Leave it to triumphant activists to make the best puns! After Walt Disney pledged it will change its paper purchasing policies for the supplies it gets to make children’s book, including cutting ties with two controversial companies criticized for harming endangered rain forests, a member of the Rainforest Action Network (RAN) put the news this way: “The Jungle Book will no longer be destroying the jungle.”
Environmentalists had been campaigning for two years to push Disney to stop doing business with two Asian pulp and paper manufacturers, claiming that the companies were destroying the Indonesian rainforest. Disney says now it will do everything it can to safeguard endangered forests and their ecosystems, reports The Guardian, which also reported the aforementioned Jungle Book quip.
“Disney is adding its voice to the growing chorus of companies demonstrating that there’s no need to sacrifice endangered forests in Indonesia or elsewhere for the paper we use every day,” RAN’s executive director Rebecca Tarbotton said in a statement.
From now on, Disney won’t use mixed tropical hardwoods that come from the rainforest and will instead try to use recycled paper and wood harvested according to the recommendations of the internationally recognized Forest Stewardship Council. It also won’t work with Asian Pulp and Paper or Asian Pacific Resources International Holdings, both companies which have been blamed by activists for the destruction of the Indonesian rainforest.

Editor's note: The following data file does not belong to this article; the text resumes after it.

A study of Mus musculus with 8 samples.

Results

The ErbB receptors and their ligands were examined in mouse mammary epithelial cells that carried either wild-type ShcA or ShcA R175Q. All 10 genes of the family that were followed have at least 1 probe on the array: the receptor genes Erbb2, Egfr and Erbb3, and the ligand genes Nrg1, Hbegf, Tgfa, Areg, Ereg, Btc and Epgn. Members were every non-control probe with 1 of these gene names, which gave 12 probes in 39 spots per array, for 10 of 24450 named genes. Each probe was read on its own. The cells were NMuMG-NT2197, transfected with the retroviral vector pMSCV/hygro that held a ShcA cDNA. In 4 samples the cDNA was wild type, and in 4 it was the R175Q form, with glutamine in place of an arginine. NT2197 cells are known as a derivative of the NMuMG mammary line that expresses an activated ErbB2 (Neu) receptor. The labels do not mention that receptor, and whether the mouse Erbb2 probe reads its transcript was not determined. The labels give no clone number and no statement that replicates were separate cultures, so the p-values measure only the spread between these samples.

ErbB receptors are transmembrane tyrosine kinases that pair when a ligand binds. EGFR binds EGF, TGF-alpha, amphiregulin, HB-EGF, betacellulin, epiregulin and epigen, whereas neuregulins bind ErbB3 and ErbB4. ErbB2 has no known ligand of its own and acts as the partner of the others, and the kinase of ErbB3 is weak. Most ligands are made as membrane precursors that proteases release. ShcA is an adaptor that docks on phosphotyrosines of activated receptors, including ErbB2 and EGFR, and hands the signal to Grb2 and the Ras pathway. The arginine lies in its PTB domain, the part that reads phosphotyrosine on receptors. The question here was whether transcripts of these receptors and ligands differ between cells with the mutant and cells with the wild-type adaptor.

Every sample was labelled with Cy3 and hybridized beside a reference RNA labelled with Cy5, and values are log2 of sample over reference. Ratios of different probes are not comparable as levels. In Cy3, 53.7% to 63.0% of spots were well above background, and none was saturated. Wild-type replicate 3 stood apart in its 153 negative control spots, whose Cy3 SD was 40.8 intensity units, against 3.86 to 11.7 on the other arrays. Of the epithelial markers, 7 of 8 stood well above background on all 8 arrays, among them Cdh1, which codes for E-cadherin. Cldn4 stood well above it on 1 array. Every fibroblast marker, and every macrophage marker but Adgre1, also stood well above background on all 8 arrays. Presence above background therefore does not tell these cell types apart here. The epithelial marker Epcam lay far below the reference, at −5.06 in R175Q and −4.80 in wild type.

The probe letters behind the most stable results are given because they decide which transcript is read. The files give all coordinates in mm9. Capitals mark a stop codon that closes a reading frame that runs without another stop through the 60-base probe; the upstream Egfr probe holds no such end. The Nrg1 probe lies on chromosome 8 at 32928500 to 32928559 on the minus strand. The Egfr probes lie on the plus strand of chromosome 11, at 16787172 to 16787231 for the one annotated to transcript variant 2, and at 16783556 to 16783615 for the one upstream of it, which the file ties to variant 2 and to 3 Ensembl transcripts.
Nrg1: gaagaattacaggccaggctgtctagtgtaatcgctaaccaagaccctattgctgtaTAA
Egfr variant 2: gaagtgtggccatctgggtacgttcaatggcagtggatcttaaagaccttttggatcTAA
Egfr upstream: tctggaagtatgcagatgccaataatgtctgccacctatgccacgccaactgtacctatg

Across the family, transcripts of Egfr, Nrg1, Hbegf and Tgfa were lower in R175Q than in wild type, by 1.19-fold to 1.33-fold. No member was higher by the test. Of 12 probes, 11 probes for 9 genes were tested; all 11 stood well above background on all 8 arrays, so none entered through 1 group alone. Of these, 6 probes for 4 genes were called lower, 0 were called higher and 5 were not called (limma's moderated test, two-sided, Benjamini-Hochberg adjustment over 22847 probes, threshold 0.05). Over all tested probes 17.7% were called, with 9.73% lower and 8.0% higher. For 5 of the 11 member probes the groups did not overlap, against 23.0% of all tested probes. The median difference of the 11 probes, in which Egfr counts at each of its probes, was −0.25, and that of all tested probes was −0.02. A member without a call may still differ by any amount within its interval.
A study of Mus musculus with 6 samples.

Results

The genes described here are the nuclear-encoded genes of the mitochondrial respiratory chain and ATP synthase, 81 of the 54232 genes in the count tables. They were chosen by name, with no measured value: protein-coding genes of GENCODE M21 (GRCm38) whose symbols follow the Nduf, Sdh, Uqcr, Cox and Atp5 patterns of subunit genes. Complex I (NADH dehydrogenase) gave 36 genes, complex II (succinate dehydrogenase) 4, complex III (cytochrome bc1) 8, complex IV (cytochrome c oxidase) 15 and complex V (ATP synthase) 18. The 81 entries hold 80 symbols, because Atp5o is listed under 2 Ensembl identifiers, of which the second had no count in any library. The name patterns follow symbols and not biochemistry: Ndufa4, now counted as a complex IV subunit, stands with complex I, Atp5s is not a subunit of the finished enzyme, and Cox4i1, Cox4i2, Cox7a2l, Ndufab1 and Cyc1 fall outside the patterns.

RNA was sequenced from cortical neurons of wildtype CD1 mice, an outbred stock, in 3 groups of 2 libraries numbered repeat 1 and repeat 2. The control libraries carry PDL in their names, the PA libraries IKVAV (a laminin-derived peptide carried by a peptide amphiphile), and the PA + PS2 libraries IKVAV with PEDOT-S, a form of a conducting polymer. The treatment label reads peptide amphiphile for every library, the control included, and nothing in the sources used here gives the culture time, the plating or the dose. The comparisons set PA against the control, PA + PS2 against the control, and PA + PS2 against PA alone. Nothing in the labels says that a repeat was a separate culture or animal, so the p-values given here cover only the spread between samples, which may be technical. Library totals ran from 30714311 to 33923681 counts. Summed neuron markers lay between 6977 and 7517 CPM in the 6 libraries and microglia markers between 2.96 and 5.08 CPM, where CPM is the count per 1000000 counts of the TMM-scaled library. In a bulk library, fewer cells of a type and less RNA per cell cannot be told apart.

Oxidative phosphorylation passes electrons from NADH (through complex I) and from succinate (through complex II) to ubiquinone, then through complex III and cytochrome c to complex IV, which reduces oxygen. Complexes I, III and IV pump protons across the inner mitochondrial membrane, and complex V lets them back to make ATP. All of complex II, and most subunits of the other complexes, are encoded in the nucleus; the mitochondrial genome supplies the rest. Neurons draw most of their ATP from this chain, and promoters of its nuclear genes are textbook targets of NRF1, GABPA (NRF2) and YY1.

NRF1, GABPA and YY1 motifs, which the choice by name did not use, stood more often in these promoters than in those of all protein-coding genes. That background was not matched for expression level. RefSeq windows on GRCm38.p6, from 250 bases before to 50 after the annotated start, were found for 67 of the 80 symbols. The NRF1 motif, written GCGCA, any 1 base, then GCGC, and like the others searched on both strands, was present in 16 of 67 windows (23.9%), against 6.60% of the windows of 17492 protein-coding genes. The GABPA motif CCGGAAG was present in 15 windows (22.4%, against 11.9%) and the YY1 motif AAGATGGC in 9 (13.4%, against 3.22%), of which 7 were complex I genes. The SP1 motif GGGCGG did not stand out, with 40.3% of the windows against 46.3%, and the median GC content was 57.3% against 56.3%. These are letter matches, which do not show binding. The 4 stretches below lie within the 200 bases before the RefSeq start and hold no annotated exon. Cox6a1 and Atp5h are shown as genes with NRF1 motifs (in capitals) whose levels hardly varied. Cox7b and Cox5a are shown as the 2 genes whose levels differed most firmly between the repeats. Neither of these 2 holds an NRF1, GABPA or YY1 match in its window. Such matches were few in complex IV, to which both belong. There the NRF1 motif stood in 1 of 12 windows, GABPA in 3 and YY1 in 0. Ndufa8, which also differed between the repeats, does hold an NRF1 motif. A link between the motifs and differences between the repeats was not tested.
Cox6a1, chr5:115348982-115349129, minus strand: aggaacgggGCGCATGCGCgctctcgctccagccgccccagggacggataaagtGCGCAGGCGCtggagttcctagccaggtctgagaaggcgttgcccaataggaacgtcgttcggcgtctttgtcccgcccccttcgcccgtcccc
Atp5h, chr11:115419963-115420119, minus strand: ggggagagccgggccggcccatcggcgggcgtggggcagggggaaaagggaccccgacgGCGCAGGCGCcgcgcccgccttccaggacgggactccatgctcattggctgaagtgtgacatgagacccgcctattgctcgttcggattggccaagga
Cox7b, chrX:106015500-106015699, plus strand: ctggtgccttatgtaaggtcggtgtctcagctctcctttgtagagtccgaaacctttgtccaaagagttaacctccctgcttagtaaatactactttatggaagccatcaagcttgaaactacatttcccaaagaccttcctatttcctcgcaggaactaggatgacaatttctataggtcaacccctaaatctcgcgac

Instead, Disney will “work with non-governmental organizations to identify and prioritize regions with poor forest management and high rates of deforestation.
RAN’s campaign has seen plenty of success since it revealed scientific evidence that pulp from endangered trees was turning up books with glossy, colored pages, like children’s books and coffee table books. Including Disney, nine publishers have switched their paper purchasing policies as a result.